Living room (night)

Drawing of a shadow of plants and windows on a wall at night
Charcoal and graphite on Rives BFK, 42-1/2” x 63”

Room #3, May 12th, 2022, YWCA South Hampton Roads Emergency Shelter

Black and white drawing of a messy bedroom
Charcoal and graphite on muslin, 58 by 90 inches

Judith watches over

Black and white drawing of a bedroom
Charcoal and graphite on Rives BFK, 28-3/4” x 39-3/16”

Living Room (afternoon)

Drawing of a fern with an afternoon shadow of a window and fern fronds on the wall behind.
Charcoal and graphite on Rives BFK, 42-1/2" x 47-3/4”


About Erin

Baltimore City

Erin Fostel's picture
My drawings invite viewers to consider connections to physical spaces they inhabit. Whether the urban landscape of a city or the private interior of a home, I choose not to draw the occupants, and with their absence I hope to encourage the viewer to not only imagine those not shown, but also to ruminate on correlations to their own personal environments. In my shadow drawings I draw particular attention to the malleability of our relationship to space, through even the continuously variable influence... more

YWCA Shelter Bedroom

I was invited by the Virginia Museum of Contemporary Art to create work for their exhibition "More than Shelter." After I expressed the interest to shift the focus of my women's bedroom series to depict transitional spaces used in time of need, the museum facilitated a partnership with the YWCA of South Hampton Roads. I was invited to visit the YWCA  women and family emergency shelter and create a drawing depicting one of the rooms.  A few days prior to my scheduled visit, a woman had unexpectedly vacated her space. I was granted access to photograph the room as she left it behind. From these photos I stitched together a composite and then drew it to scale from the viewpoint of the room's doorway. Shown is Room number 3 as it looked on May 12th of 2022.

Shadow Drawings

As I was sequestered inside my home during the pandemic, I became captivated by the movement of light. Early on, I began photographing the fleeting shapes of sunlight and shadow that appeared throughout the day. Having collected hundreds of images, I would not decide to draw them until a year later, when I experienced the devastation of a miscarriage. The overwhelming sadness that I felt necessitated the creation of something beautiful. The photographs had captured visible moments of ephemerality and when drawn at life size each moment gained permanence and weight. The process of drawing each image felt akin to making my grief visible. Although these drawings are deeply personal, they are universal in their relation to how others experienced their homes during the pandemic and during times of their own grieving.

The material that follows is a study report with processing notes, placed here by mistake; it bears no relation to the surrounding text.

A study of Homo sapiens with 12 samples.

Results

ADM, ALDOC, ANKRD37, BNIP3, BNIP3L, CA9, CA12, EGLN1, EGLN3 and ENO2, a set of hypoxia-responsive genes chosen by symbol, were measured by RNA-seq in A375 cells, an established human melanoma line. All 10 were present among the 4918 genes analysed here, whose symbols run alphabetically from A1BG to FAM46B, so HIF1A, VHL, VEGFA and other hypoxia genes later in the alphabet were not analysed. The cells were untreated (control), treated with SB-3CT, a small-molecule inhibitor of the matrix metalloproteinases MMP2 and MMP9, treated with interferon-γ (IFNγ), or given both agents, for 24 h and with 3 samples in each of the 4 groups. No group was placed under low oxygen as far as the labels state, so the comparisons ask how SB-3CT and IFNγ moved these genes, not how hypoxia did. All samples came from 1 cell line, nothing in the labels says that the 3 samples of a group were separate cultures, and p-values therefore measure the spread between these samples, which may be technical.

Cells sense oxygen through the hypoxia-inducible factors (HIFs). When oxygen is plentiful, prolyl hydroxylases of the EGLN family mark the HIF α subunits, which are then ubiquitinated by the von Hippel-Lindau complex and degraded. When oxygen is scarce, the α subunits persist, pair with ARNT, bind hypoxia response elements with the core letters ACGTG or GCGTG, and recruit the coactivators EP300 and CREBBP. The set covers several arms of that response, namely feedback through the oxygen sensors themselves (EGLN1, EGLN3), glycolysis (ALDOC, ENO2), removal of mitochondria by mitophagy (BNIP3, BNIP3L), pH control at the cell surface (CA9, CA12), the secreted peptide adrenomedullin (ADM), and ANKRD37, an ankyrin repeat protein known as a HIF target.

Women's Bedrooms

Since early 2019, I have been working on a series of drawings of women’s bedrooms. After spending several years drawing public spaces I wanted to focus on private interiors. My shift in interest from exterior to interior spaces coincided with a realization that I had been watching many of the women in my life rebuild their homes, often after upheaval. I developed an interest in acknowledging the resiliency required in rebuilding one’s life, and wanted to display the value of sanctuary within the home. I focused on the bedroom as a unique place where a sole woman occupant can be free of much of the objectification and expectation imposed upon her most anywhere else in her life, which is why her figure is explicitly not shown. We acknowledge her through representation of her space, rather than her body. 

The Weight of Absence

This series of drawings depicts architectural structures located in the city of Baltimore, my hometown. This work initially stemmed from a place of loss. As I grieved the death of my father, who was an architect, I used representations of physical structures to attempt to create an external vessel to hold my immense feelings of grief. I found these structures by exploring the City on foot, by bike, or by car. By building space and form through the layering of charcoal marks, I created tonal landscapes, rendering both the city and my internal world. As the work progressed, I developed an increased interest in the interplay of presence and absence, where the tangible and intangible become intertwined.

East Baltimore Crankie

In January of 2018, David Native Son Ross and I performed a collaborative crankie. A crankie is a scrolled panorama, and for our performance I created 15 drawings of East Baltimore. As I cranked through the drawings, David performed a spoken word piece he specifically wrote to accompany the images.  Included here is a video of the performance and a few of the drawings. Once the performance was completed, the crankie scroll was cut up and sold.


This artist has not yet created a curated collection.